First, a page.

In some ways, Joey Bosa’s contract holdout with the team that took him third overall this spring is as throwback as he is.
It’s also something we haven’t exactly seen before.
After Josh Garnett inked a deal with the 49ers on July 29, Bosa became the only first-round pick in the 2016 draft class who has yet to sign a contract. Bosa has skipped the first nine San Diego Chargers training camp practices, costing him crucial learning time as he transitions to 3-4 defensive end for the first time.
Holdouts are common in a league with non-guaranteed contracts, but legitimate disputes don’t tend to take place with rookies. That became so with the 2011 collective bargaining agreement, which severely diminished the wiggle room players have to negotiate before they’ve played in the league.
This makes Bosa in the business world what he is on the field: a throwback. The same guy who draws comparisons to old-age meatheads for his selfless versatility, his preference of weight-room bars over social ones and his overall quiet demeanor is kicking it back to an age where rookies who had yet to play a down in the NFL fought for their big first deal, sometimes viciously.
JaMarcus Russell sat out from the Raiders until after the first game of his 2007 rookie season, a delay that helped unwind his career before it started. Bo Jackson didn’t play a down his 1986 rookie season with the Bucs, which sent him back in the draft to start his career with the Raiders the next year. The next year featured Cornelius Bennett’s 102-day holdout with the Colts that eventually sent him to Buffalo in the three-team Eric Dickerson trade.
Bosa’s standoff is the closest the NFL has seen to those since the new rookie scale, and yet it’s entirely different. Those three holdouts were born of extreme circumstances, with Russell gunning for the largest contract by a rookie in history at the time (a deal he ultimately received at six years and $61 million). Bennett pushed his dispute into the 1987 players strike that killed all league business. Jackson was fighting for football to be only a part-time job on the side of his budding baseball career.
The gap between Bosa and the Chargers is of the most meticulous and technical of sorts. That’s the negotiation climate with today’s CBA.
All first contracts for first-round picks are for four years with a fifth-year team option. They have set total values, which in Bosa’s case is around $25 million, and set signing bonuses, which for Bosa is $17.1 million. The NFL put these measures in place to keep players from holding out on a career that hasn’t started.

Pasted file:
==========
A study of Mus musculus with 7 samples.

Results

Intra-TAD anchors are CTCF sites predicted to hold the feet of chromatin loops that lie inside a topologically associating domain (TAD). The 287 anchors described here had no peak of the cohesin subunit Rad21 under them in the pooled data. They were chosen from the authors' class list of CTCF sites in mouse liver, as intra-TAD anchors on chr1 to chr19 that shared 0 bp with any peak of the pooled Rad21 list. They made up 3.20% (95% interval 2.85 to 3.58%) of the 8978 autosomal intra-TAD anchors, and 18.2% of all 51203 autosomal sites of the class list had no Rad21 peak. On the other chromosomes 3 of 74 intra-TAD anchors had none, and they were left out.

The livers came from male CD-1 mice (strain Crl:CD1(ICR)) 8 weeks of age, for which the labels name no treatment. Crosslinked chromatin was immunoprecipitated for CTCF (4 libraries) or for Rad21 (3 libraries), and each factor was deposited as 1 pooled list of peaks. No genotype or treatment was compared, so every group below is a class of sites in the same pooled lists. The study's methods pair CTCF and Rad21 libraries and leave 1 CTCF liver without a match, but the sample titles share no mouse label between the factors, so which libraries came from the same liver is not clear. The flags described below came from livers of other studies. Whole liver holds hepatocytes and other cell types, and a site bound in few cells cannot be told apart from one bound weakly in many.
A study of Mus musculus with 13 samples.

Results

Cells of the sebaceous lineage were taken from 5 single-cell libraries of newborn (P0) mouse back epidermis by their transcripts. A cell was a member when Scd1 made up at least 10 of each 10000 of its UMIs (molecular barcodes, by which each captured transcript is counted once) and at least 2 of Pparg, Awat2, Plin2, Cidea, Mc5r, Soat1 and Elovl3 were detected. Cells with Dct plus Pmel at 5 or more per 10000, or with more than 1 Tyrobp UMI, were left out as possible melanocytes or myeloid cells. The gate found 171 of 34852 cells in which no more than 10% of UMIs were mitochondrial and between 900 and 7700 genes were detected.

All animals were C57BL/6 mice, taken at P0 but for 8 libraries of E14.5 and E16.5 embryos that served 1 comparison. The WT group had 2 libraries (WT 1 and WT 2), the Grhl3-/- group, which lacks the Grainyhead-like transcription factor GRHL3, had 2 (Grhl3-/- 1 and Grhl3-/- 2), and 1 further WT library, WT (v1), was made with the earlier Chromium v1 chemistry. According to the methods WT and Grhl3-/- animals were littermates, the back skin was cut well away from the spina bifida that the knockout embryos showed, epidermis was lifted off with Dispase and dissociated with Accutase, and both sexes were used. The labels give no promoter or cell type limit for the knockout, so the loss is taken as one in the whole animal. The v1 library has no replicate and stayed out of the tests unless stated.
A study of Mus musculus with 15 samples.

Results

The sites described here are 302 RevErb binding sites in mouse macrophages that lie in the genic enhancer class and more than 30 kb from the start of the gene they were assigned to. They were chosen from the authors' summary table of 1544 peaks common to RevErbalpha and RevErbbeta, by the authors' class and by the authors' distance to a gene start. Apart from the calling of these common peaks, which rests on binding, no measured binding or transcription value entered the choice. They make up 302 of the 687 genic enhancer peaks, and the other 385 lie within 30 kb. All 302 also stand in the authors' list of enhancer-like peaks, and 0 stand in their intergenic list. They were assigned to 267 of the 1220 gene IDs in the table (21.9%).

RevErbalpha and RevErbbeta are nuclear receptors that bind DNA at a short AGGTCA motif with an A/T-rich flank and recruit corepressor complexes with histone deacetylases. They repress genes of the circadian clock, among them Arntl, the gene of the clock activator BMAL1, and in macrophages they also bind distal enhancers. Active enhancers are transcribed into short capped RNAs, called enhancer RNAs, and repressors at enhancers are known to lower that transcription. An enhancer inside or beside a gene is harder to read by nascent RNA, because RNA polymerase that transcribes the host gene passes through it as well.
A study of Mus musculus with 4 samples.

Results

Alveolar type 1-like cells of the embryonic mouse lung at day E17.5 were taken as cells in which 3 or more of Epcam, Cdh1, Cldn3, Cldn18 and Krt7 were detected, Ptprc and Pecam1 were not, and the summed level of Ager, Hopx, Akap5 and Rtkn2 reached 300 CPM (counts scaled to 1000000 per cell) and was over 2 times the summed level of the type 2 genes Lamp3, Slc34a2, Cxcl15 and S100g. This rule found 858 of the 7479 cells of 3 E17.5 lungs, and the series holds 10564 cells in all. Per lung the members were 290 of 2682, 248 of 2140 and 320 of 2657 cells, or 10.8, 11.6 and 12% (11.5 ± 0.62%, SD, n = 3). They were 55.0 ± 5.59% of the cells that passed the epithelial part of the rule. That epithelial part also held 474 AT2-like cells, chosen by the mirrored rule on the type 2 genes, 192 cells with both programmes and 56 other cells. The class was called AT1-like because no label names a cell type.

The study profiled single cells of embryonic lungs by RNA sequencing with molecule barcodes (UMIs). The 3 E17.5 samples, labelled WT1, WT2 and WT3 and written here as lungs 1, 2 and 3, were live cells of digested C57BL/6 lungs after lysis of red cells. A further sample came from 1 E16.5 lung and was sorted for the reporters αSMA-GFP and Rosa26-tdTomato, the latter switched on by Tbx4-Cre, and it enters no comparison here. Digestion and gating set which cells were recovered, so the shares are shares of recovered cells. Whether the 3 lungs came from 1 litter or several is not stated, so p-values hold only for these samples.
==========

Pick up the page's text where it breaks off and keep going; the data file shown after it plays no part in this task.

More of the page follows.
Whereas Russell and Jackson fought for more salary, Bosa’s standoff fuels on terms such as signing bonus distribution and off-set language. The Chargers want to defer some of that $17.1 million signing bonus to next season and set protections in the deal to earn back money if they were to cut Bosa before the four years of his contract are up. Bosa’s team appears willing to give in in one area but not both.
“We’re disappointed that he’s not here,” general manager Tom Telesco told reporters at the beginning of training camp. “We just have some small, fundamental differences that haven’t been resolved yet.”
Bosa’s weeks-long dispute with the Chargers has at least remained as timid as the debate terms should suggest. It hasn’t been like Kelly Stouffer’s year-long holdout with the St. Louis Cardinals in 1987, when he insisted publicly that then-Cardinals owner Bill Bidwill told him, “You will play for me or you will never play in this league,” and Stouffer was eventually traded to the Seahawks.
Bosa’s mother did, however, recently post on Facebook that the family wishes Bosa had “pulled an Eli Manning” and demanded a trade away from the Chargers on draft day. It’s the type of surrounding steam only to be expected from a holdout that doesn’t fit the league’s landscape.
It’s not that a rookie taking some time to examine these terms is brand new. Marcus Mariota did it last year with the off-set language, but he signed with the Titans right before training camp. Such a technical disagreement is built to be a short bridge to cross for an organization and the player. That’s why since the 2011 CBA, no other player had held out longer than Aug. 6, the date when Justin Blackmon agreed to terms with the Jaguars in 2012.
Rookies need training camp to develop full-time football shape and to learn responsibilities that might not have existed at their level of college play, such as route trees, two-gapping end roles and split tight-end spots. Teams need to have them in camp to figure out their place on a roster that’ll trim to just more than half its size in a matter of weeks. The integration is crucial because many top prospects fail to transition from college to the NFL even with time, and it’s a process the league selected careful language to try to ease.
Bosa is rewriting that standard, serving as a throwback and a pioneer all at the same time. It’s still early enough and the dispute has been private enough that neither side is reaching for the alarms, but they’re entering a territory the NFL doesn’t have case examples to show how to navigate.
Nate Atkins is an NFL features writer for All22.com. He previously covered the Chicago Bears and the NFL for Pro Football Weekly. You can reach him via email at firstname.lastname@example.org and can follow him on Twitter @NateAtkins_.